NATICK, Mass. -- Researchers at the Natick Soldier Research, Development and Engineering Center, or NSRDEC, are working to make sure fresh produce isn't lost at sea.

Fresh fruits and vegetables are diet essentials, but keeping produce fresh can be particularly challenging aboard Navy aircraft carriers. Refrigeration helps prolong the shelf life of produce, but a technology was needed to help combat the effects of ethylene gas. Ethylene is a naturally occurring plant hormone that helps plants ripen but also leads to spoilage. Certain types of produce, such as bananas and apples, produce large amounts of ethylene and can accelerate the spoilage of nearby produce, as well. Even low levels of ethylene can destroy a produce shipment in less than a day, but reducing the presence of ethylene can extend shelf life by days and even weeks.

To help extend the shelf life of refrigerated produce aboard Navy aircraft carriers, researchers in NSRDEC's Combat Feeding Directorate, or CFD, partnered with Primaira of Woburn, Massachusetts, to scale up extended preservation technology originally developed under an Army Small Business Innovation Research, or SBIR, contract.

"The technology is based on ultraviolet, or UV, light," said Peter Lavigne, a chemical engineer on CFD's Equipment and Energy Technology Team, who has researched extended preservation technology since 2006. "It scrubs the air and eliminates the ethylene gas. Another strong benefit of UV light is its antimicrobial activity and associated ability to reduce mold growth and even inactivate spores that may be present in the air."

This Ethylene Control Device, or ECD, safely and rapidly oxidizes ethylene to carbon dioxide and water vapor. By continually removing ethylene, the device slows the spoiling process, keeping produce aboard ships fresher longer.

The ECD has been configured as a modular enhancement kit that is inserted into existing refrigerated containers aboard ships. With a small amount of electrical power, the ECD safely decomposes the volatile and microbial contaminants yet avoids the labor-intensive and material-handling challenges presented by traditional ethylene-control practices, which include blankets, filters and pellets that chemically bind or absorb ethylene and moisture. For a ship at sea for long periods, these practices have posed significant logistical burdens attributed to stocking, maintaining, and ultimately disposing of materials that are in some cases regulated as hazardous waste.

The ECD was specifically developed to avoid these challenges and provide an effective, compact, low-power, low-cost, and easy-to-maintain solution.

"You're reducing costs of losses by not having to throw it away," said Lavigne. "With this technology we see a marked reduction of browning, wilting, and mold growth."

"They don't have to replenish as often," said Lou Jamieson, a retired Navy master chief petty officer and a CFD Navy project officer on the Systems and Engineering Team. "So if you think about this in the case of a ship with a critical mission, it could be in one ocean and then might have to head full speed to another ocean. You may have to forgo your scheduled replenishment. So this technology can help in those types of situations."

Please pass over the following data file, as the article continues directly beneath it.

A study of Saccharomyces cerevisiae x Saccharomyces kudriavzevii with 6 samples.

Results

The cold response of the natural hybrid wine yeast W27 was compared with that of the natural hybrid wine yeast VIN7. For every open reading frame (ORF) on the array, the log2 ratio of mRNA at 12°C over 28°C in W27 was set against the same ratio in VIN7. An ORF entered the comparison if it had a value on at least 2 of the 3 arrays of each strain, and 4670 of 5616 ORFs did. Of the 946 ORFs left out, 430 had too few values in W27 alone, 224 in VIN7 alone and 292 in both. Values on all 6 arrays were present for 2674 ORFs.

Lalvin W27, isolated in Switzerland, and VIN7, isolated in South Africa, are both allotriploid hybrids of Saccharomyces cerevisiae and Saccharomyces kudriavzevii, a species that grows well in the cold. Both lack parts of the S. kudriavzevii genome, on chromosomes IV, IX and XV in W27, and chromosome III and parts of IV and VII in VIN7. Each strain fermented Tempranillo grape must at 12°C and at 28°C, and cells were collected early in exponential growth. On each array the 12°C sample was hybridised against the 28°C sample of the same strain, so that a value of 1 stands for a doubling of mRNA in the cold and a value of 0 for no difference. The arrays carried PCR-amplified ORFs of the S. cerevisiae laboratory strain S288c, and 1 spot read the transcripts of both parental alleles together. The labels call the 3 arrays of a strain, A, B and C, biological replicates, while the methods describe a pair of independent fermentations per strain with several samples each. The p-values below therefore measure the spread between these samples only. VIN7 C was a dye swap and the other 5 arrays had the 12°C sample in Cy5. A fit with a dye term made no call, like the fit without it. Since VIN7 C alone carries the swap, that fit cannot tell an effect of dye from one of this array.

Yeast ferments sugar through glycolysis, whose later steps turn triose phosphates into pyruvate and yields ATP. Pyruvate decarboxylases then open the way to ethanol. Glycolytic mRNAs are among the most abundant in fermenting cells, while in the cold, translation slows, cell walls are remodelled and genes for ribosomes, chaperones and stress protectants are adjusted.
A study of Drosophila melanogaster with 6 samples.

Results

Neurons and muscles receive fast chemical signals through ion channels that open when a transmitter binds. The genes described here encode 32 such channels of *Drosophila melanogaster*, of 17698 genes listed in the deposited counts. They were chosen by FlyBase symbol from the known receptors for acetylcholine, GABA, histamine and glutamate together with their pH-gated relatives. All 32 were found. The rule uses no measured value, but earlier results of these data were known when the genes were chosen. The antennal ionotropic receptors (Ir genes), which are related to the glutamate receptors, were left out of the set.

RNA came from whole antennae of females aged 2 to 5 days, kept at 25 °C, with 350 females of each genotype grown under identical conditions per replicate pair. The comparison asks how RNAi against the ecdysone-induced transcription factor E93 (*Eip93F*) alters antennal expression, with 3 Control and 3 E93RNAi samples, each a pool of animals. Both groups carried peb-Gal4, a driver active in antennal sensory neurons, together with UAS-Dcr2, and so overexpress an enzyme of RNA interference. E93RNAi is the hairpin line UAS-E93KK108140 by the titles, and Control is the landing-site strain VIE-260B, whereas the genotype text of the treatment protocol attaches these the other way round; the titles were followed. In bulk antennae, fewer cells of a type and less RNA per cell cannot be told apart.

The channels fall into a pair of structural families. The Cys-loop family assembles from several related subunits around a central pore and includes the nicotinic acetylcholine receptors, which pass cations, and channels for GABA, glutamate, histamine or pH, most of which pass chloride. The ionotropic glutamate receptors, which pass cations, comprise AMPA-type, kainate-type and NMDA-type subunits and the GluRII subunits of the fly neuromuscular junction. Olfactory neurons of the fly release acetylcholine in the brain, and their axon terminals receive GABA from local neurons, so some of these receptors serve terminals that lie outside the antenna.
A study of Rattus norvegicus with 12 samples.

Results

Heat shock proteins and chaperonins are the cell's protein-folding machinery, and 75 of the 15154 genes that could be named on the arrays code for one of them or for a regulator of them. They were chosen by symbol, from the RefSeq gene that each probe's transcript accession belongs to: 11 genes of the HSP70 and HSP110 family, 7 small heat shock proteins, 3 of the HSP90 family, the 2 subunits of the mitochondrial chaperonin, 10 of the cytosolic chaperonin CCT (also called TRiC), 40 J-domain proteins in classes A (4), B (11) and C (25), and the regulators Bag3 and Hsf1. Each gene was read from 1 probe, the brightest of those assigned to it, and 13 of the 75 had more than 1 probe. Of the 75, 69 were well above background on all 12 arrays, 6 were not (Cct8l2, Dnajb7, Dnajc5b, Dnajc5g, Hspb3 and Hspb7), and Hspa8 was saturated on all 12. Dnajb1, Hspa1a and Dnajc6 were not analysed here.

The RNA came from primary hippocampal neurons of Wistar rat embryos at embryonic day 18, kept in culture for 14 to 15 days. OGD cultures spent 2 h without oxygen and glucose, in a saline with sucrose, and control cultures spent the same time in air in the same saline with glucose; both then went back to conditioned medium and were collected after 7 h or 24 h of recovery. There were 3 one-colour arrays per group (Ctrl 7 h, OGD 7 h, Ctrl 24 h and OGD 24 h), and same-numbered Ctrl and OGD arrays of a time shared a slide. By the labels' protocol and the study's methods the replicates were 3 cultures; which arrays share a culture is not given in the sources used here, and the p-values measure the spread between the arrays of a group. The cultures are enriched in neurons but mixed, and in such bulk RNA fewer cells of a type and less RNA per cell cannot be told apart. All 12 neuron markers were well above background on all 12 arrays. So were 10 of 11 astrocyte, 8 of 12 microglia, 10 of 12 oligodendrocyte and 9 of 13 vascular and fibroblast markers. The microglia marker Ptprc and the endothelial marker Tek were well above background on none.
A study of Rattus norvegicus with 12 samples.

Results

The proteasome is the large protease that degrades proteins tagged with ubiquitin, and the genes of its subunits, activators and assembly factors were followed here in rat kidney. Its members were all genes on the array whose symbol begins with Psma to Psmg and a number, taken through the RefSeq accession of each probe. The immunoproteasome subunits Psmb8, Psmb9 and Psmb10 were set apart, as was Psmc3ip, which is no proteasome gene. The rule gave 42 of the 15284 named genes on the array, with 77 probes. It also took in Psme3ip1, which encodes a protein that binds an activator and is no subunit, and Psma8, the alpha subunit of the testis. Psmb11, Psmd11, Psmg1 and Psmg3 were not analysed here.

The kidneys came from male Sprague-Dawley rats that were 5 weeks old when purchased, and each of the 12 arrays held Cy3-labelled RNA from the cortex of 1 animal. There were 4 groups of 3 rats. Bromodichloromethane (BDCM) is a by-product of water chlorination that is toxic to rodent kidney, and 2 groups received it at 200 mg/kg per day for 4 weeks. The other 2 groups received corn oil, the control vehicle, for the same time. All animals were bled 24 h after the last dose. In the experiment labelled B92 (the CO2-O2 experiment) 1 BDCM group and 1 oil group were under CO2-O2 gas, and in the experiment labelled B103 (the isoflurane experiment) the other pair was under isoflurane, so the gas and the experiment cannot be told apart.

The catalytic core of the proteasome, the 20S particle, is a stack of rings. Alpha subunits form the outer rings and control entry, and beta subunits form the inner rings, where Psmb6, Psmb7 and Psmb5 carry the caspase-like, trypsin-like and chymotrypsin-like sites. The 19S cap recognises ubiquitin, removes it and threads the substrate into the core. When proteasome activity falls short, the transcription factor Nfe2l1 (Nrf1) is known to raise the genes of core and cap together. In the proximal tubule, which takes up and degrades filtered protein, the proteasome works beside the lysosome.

"When they are deployed 30-plus days, the extended shelf life is critical," said Lavigne.
"Another major benefit of this technology insertion is a reduced workload for the warfighter," said Jamieson. "An annual bulb change-out is the only maintenance. It is mounted and then it just runs and they can forget about it."

The device has been installed on two Navy aircraft carriers and will ultimately be installed on all eleven in the fleet. CFD has teamed with Primaira to help Sailors properly install and operate the ECDs and will continue to monitor the performance and overall results achieved.

"What we are doing right now is an at-sea evaluation," Jamieson said. "It's currently deployed on one carrier and recently installed on another. Eventually, it will be installed on all the carriers in the Navy. From on-board data collection and observation of produce quality, we intend to determine actual mixed-load (assorted produce) life extension. How much less did they have to order during deployment (due to less spoilage)? How many times did they have to replenish?"

In addition to use on ships, the technology can also be inserted into refrigerated containers for use by the Army, other services, and even commercial refrigerated assets, ensuring the highest-quality fresh produce can be delivered to Soldiers operating in remote forward areas.

Improving quality of life for all service members motivates both men.

"That's why I'm here" said Lavigne. "It's incredibly rewarding to see our work making a difference for our military."

"As a retired Navy master chief petty officer, I'm really enjoying having an impact on all the warfighters and improving their quality of life," said Jamieson. "Our job is to lighten the workload for warfighters and to give them the best quality equipment and technology that we can. We're huge on that. You put together people like myself -- who have been in the environment and who have the knowledge and experience -- and you team us with a dedicated engineer like Peter Lavigne, you get a high-quality product and you get a high-quality transition."


RDECOM is a major subordinate command of the U.S. Army Materiel Command. AMC is the Army's premier provider of materiel readiness -- technology, acquisition support, materiel development, logistics power projection, and sustainment -- to the total force, across the spectrum of joint military operations. If a Soldier shoots it, drives it, flies it, wears it, eats it or communicates with it, AMC provides it.